It almost felt like déjà vu. An Australian left-arm fast bowler called Mitchell steaming in with the second new-ball and producing an outside-edge off Virat Kohli’s bat. Johnson had done it at the MCG. Now it was Starc’s turn. The other Mitchell, the more snarly one, had pitched the ball slightly closer to Kohli’s off-stump and half-yard shorter. Starc had gone wider and fuller. But he still had the Indian Test captain chasing it. At the MCG, Shane Watson had dropped the catch bending low to his left. Here it was Steve Smith’s turn to give Kohli a reprieve, failing to time his jump perfectly to snare a fast-rising ball that flew in his direction. Unlike Johnson, Starc didn’t launch into a rant. He instead stood with his hands on the knees.
Kohli had by then crossed across for a single. It was a loose shot. But the only reason the right-hander was even able to reach the ball was because of his position in the crease, or just outside it, to be precise. It’s a strategy that Kohli has employed on this tour. Standing outside his designated area to the Australian pacers. It’s worked wonders for him so far.
Two balls later, at the other end, Kohli proved just why it’s been the case. It was a length ball from Ryan Harris, but Kohli was ready to pounce on it and caressed it through the cover region for four to push to 66. It was his fifth boundary already towards the square off-side. It was his 24th on tour that he had managed with one of his three types of cover-drives. The first with the flourish with the wrist at the last moment to generate that slingshot effect, the connoisseur’s delight one with body leaning into the shot and the bat coming down like a rapier and the third where he starts off getting into position to play the second type but then opens the face of the bat late to enhance his placement.
One of the main reasons behind his success with that shot has been the manner in which he’s used the crease. It’s generally the bowlers who pre-empt what the batsman’s planning to do and scupper his plans. Kohli has turned the tables on them. He had even explained the strategy after scoring his third century in the last month at the MCG.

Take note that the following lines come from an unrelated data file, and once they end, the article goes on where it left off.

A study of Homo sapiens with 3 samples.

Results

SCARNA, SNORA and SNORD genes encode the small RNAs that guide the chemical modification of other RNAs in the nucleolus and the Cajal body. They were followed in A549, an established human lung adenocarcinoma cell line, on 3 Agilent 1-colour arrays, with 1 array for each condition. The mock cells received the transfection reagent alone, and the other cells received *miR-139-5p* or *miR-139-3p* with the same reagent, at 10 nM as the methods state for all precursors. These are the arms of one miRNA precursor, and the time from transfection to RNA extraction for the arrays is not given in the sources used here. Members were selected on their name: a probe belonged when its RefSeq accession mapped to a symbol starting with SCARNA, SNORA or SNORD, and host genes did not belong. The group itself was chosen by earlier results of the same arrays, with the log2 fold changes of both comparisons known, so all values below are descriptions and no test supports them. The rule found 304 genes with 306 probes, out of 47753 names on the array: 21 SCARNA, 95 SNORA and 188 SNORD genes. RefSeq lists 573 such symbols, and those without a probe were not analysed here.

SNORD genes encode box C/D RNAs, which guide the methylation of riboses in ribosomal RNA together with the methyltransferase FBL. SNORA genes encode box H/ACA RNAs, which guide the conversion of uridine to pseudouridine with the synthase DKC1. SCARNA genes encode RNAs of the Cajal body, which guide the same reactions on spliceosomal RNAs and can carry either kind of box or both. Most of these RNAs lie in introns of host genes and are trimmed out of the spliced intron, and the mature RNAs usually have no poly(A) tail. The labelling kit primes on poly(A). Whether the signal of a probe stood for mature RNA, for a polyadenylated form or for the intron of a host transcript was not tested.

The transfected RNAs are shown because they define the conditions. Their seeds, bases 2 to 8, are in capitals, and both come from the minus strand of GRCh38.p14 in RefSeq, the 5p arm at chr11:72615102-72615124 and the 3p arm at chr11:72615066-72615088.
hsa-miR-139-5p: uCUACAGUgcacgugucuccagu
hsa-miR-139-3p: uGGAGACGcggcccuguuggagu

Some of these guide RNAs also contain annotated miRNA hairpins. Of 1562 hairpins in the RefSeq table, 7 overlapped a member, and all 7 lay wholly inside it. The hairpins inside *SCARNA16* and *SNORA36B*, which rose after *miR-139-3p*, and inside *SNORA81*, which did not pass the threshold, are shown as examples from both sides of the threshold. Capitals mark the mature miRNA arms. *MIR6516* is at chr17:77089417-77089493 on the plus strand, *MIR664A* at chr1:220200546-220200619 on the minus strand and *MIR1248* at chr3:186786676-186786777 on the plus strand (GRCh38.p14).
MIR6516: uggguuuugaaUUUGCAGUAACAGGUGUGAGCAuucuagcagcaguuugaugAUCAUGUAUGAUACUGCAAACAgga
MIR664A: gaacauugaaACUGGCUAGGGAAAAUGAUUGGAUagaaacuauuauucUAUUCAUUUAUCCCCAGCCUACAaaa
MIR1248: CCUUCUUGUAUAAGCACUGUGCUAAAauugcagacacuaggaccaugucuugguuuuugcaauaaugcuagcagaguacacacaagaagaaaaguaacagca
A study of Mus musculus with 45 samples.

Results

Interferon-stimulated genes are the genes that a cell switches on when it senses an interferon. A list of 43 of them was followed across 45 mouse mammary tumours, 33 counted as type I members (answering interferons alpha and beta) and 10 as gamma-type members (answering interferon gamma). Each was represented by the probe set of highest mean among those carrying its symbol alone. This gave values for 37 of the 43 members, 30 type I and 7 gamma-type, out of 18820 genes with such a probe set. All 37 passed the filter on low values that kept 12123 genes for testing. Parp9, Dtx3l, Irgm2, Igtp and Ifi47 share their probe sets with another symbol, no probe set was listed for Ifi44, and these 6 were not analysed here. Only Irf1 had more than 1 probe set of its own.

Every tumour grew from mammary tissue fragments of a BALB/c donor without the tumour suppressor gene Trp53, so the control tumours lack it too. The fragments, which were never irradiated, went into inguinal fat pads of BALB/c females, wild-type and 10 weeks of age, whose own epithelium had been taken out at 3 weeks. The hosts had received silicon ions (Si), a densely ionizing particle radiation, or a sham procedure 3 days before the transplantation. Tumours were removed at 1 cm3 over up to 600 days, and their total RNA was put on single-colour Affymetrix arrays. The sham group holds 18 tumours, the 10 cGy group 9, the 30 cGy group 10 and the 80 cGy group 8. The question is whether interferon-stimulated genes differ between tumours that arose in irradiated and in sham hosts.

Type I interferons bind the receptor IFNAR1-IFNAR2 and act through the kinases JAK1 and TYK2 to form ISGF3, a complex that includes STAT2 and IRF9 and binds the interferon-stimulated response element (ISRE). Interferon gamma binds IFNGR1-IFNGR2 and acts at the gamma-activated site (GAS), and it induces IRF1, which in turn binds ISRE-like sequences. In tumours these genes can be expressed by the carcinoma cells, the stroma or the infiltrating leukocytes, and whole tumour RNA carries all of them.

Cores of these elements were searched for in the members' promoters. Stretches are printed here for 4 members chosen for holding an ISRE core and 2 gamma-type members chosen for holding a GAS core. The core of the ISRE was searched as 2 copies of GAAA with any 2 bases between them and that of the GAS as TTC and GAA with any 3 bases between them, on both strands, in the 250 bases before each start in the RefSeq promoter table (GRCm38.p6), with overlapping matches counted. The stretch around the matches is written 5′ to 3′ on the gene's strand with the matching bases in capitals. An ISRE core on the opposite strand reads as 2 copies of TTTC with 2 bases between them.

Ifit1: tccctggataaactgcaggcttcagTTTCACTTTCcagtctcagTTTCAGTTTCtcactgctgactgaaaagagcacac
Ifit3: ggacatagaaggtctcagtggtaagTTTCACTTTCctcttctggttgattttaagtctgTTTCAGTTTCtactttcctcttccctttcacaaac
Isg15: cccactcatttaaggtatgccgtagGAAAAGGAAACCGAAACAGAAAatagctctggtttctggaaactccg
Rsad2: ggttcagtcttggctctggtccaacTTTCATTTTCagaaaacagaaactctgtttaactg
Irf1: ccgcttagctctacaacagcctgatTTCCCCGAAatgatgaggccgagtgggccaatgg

“In international cricket, most bowlers bowl the fourth stump line and on a good length spot. I am confident enough that I am not worried about their pace and bounce. I can stand in front of the crease and try not to let the bowler bowl too much in the same spot because that’s called the good length spot. If you disrupt that then the bowler has to think about other things, which is what you want,” he had said.
What he meant was that by not staying put in his crease, he was always coming at the bowler, and asking him to change his length. He was forcing him to shorten the length, which would then allow him to leave balls more comfortably. But when they did still pitch it on the length, he was ready to cover the threat of any late movement, and primed to drive. And so far the Australians have found no answer to that.
And in addition to using his crease, he’s also started taking an off-stump guard. “You know when you play with your bat more and not like the bowler, see those stumps and the ball going close parts of the stumps. If you drive a few on the rise and the bowler really doesn’t know what length to bowl which as a batsman you want to do out there. It’s worked for me,” he had explained at the MCG.
On Thursday, he went onto become only the second man in the history of Indian cricket has scored four hundreds in a Test series away. It was by far his calmest innings, where he didn’t get involved in any verbals with the Aussies. It was also probably his best knock because he got the better of Harris, finally.
While his strike-rate against Australia’s finest was close to 40 at Adelaide and Melbourne, here he scored freely of him, scoring at a rate of 70. He also hit him for five fours, and by doing so at SCG, Kohli had conquered yet another major Aussie challenge — the Harris problem-in what has been a watershed tour for the new Test captain.